THE HIDDEN PAINTING
Azadia Newman is a name that may ring a bell for only a handful of cinephiles. She is the unlucky creator of a portrait that would have ensured her fame throughout the world: the original portrait of Laura Hunt, which was rejected by Preminger.
“Newman, born in Washington, DC on Jan. 16, 1902, studied at the CGA, ASL in NYC, PAFA, and Critcher School of Painting & Commercial Art. In 1936 she settled in Los Angeles where she painted many portraits of movie stars Joan Crawford, Janet Gaynor, and others. She died there on Feb. 19, 1999.”
Azadia Newman next to her painting of Joan Crawford for THE LAST OF MRS. CHEYNEY (1937)
The most telling detail of that obit looks like an afterthought : “She is also was wife of theater-film director, Rouben Mamoulian.” It’s easy to guess why Preminger would decide to erase ALL traces of Mamoulian’s work on “Laura” ; that particular rejection may very well have been the most humiliating affront to the original, unlucky director (not yet married to the artist.)
FROM PHOTO TO PAINTING
In order to fully capture the radiance of HIS Laura Preminger asked for a large photography of Gene Tierney which was then poster painted. Laura’s pose and attire were to be conventionally romantic in this painting meant to be the work of a minor artist. The presence and “aura” of Tierney and her Laura were nonetheless spellbinding. Laura, under McPherson’s gaze; became a potent, poignant symbol of loss – one that would inspire an urgent, irrepressible desire to bring her back from the dead.
Before “resurrecting” in her salon, facing an incredulous, drunken and half-asleep McPherson, Laura had exerted her considerable charm in a wildly different series of situations. She’s introduced as a lowly employee at the ad/pub agency “Bullitt & Co.” – the only one brave and naïve enough to solicit Waldo’s endorsement. In a cruelly funny scene, the silver-haired misanthropist delights in humiliating her, until her ravishing looks, her stubbornness and candor urge him to make amends. In a few weeks, Laura becomes the talk of the town, and Waldo’s most cherished possession. This is really the core of their emotional journey, captured in one of the most exquisite and moving montages ever seen on screen. In a quick succession of dolly shots and dissolves, the film offers us a kaleidoscopic vision of Laura working, addressing her administrators, dining with rich clients, dancing with Waldo, acquiescing to his choices of her new dresses and hairdo’s, listening with rapt attention to his prose. The old mentor would have given ten years of his former, sterile and loveless life for such devotion… but reality, unavoidably, invades his exalted dreams.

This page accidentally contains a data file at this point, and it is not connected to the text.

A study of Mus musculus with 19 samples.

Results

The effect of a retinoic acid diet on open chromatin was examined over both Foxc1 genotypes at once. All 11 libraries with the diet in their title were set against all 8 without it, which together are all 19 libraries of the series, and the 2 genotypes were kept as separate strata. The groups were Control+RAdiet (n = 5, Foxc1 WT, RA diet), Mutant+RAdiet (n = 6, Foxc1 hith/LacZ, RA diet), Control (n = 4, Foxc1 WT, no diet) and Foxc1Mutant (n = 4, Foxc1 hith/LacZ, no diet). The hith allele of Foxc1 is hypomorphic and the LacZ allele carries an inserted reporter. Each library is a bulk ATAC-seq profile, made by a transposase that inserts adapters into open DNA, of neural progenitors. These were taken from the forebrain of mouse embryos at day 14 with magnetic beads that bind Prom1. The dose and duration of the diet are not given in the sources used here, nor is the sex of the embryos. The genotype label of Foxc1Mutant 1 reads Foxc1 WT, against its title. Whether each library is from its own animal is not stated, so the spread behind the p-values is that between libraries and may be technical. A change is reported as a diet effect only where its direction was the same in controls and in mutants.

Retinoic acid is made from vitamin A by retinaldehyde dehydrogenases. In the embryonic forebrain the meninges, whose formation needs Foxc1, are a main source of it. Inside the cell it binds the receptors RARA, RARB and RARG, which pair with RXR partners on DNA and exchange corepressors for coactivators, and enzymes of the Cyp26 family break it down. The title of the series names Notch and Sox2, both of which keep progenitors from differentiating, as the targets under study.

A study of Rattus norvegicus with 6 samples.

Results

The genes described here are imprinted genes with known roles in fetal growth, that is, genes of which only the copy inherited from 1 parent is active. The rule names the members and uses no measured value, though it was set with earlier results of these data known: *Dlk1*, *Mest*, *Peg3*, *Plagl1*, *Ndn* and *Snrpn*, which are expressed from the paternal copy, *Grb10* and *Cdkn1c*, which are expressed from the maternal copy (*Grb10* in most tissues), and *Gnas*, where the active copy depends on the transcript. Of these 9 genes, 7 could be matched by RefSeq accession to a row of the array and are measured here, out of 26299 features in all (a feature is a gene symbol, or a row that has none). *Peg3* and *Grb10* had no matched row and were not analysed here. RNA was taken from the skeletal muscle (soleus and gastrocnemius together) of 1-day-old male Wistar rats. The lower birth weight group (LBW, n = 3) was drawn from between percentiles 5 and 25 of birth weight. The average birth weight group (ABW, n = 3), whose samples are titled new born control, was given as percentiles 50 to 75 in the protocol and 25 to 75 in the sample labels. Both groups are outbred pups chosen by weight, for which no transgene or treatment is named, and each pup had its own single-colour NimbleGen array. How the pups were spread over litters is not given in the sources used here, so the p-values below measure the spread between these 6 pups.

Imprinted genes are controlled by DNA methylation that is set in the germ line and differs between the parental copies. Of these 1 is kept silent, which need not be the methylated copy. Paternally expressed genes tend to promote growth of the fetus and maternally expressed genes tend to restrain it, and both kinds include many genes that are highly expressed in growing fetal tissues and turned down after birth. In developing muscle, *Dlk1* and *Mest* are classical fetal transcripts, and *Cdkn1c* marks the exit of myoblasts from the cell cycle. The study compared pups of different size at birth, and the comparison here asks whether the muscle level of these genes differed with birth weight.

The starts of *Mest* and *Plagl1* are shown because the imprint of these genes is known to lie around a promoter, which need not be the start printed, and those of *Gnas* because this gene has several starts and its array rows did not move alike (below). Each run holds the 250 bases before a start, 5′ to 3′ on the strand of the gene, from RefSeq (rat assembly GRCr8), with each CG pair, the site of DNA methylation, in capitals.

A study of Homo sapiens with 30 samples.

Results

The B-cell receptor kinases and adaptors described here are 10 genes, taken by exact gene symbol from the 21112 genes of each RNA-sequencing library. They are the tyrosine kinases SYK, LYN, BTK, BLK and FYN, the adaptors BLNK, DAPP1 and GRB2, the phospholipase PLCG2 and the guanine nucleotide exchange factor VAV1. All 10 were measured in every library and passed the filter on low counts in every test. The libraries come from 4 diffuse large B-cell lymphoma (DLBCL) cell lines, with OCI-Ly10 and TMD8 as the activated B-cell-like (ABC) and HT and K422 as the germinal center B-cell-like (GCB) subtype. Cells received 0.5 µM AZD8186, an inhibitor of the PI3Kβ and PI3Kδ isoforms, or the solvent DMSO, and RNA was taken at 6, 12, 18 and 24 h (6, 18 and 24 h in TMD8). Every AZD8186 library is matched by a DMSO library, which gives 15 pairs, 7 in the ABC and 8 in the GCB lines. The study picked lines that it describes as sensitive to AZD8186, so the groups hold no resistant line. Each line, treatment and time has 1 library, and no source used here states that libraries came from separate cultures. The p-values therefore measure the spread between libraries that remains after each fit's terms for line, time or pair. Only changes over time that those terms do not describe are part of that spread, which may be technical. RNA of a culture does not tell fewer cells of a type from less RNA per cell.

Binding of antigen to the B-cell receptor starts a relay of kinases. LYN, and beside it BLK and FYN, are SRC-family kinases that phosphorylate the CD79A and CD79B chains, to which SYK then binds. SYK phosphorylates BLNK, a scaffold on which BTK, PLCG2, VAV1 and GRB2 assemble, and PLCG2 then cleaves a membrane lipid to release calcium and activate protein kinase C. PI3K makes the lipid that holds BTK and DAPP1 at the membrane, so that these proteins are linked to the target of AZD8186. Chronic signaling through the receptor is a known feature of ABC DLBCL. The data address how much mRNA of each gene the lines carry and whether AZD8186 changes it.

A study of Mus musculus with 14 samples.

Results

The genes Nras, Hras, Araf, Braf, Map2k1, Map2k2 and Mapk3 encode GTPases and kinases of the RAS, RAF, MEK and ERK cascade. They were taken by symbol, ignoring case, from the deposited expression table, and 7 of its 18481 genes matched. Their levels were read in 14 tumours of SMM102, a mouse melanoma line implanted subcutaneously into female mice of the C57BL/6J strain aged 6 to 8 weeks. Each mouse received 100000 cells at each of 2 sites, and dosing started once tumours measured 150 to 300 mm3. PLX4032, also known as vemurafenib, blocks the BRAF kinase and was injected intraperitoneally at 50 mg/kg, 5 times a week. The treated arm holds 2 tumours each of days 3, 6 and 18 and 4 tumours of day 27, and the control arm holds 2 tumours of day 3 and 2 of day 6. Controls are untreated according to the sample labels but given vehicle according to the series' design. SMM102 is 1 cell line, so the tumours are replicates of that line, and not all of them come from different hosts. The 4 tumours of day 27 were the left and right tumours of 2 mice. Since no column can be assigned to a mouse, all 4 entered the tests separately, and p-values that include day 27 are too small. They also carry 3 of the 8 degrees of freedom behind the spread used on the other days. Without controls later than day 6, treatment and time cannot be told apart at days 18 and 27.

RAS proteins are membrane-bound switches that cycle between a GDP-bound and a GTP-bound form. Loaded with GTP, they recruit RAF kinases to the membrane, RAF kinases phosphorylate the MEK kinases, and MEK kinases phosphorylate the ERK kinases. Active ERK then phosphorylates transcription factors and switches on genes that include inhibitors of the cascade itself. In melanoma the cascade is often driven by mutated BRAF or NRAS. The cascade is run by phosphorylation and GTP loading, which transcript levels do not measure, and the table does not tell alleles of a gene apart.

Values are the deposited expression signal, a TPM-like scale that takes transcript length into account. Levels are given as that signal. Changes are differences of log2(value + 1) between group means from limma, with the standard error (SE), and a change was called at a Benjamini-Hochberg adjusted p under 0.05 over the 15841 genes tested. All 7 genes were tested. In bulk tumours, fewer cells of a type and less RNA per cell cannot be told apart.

Why Laura falls for a phony like Shelby is the question most viewers are bound to ask. Could the “southern charm” oozing from a rascally Vincent Price – not yet given to self-parody – win over a charming, presumably sophisticated, 24-year old girl? Waldo offers an easy explanation when he lashes out at Laura’s weakness for “lean, muscular” bodies. But this is exactly what a jealous, dried-out, desperately inadequate suitor could say, and we should not expect a serious “diagnosis” from him.
Let us instead turn back the clock, rewind our “mental moviola”, re-enter the Algonquin, and marvel again at the gauche, lovely provincial girl shyly approaching her future mentor. Was there something to be loved, apart from her spontaneity and considerable grace? Some hardened viewers doubt there ever was ; opinions differ in such matters, no use arguing… Let us then review her brief, meteoric ascent. Not much room for doubt, there : Preminger’s magic works speedily, and at the end of his montage few will doubt Laura’s fabulous potential.
Close to five years elapse meanwhile, many things happen in a woman’s life, among them a few love affairs. “There were others, of course”, says quickly Waldo to McPherson, instilling in his mind the potent and sweet poison of necrophilia.
And now we come at Shelby’s entrance which will definitely upset the platonic romance Waldo and Laura enjoyed from the start. The protégée has matured, and she means to use her considerable self-confidence and power. She’s ready… and makes a stupid error of judgment in believing she can reform a lazy gigolo. Waldo suffers in silence, watches, and strikes back with a vengeance. He’s about to explain his real motives, his deep, untold love for Laura, but she brushes him off. End of Shelby and end of Waldo’s dreams. Whatever will happen during that tragic week-end, he’s lost Laura forever.
LAURA’S THREE MEN
Laura’s apparent death leaves a deep scar in the hearts and minds of three men : Waldo, her mentor, devastated by grief and remorse ; the vain Shelby who thinks SHE killed his latest conquest ; Mark McPherson, who becomes infatuated by her radiant image.
Laura’s “resurrection” spins a new story, where she has to reconsider her relations to Waldo and Shelby, while Mark becomes an expected suitor. Laura, under heavy pressures from all sides, must fight doubts, allegations, suspicions. A new persona emerges as she relinquishes both the pitiful Shelby and the dictatorial Waldo.
She will not even flinch under McPherson’s brutal questioning, and force HIM to reveal his real amorous motives. No small victory, indeed, but is this enough to explain her sudden attraction for the unpolished detective? Her own “reasons” will never be clarified. The writers left a wide gap, bound to frustrate the viewer and invite to endless reveries, fascinations and speculations.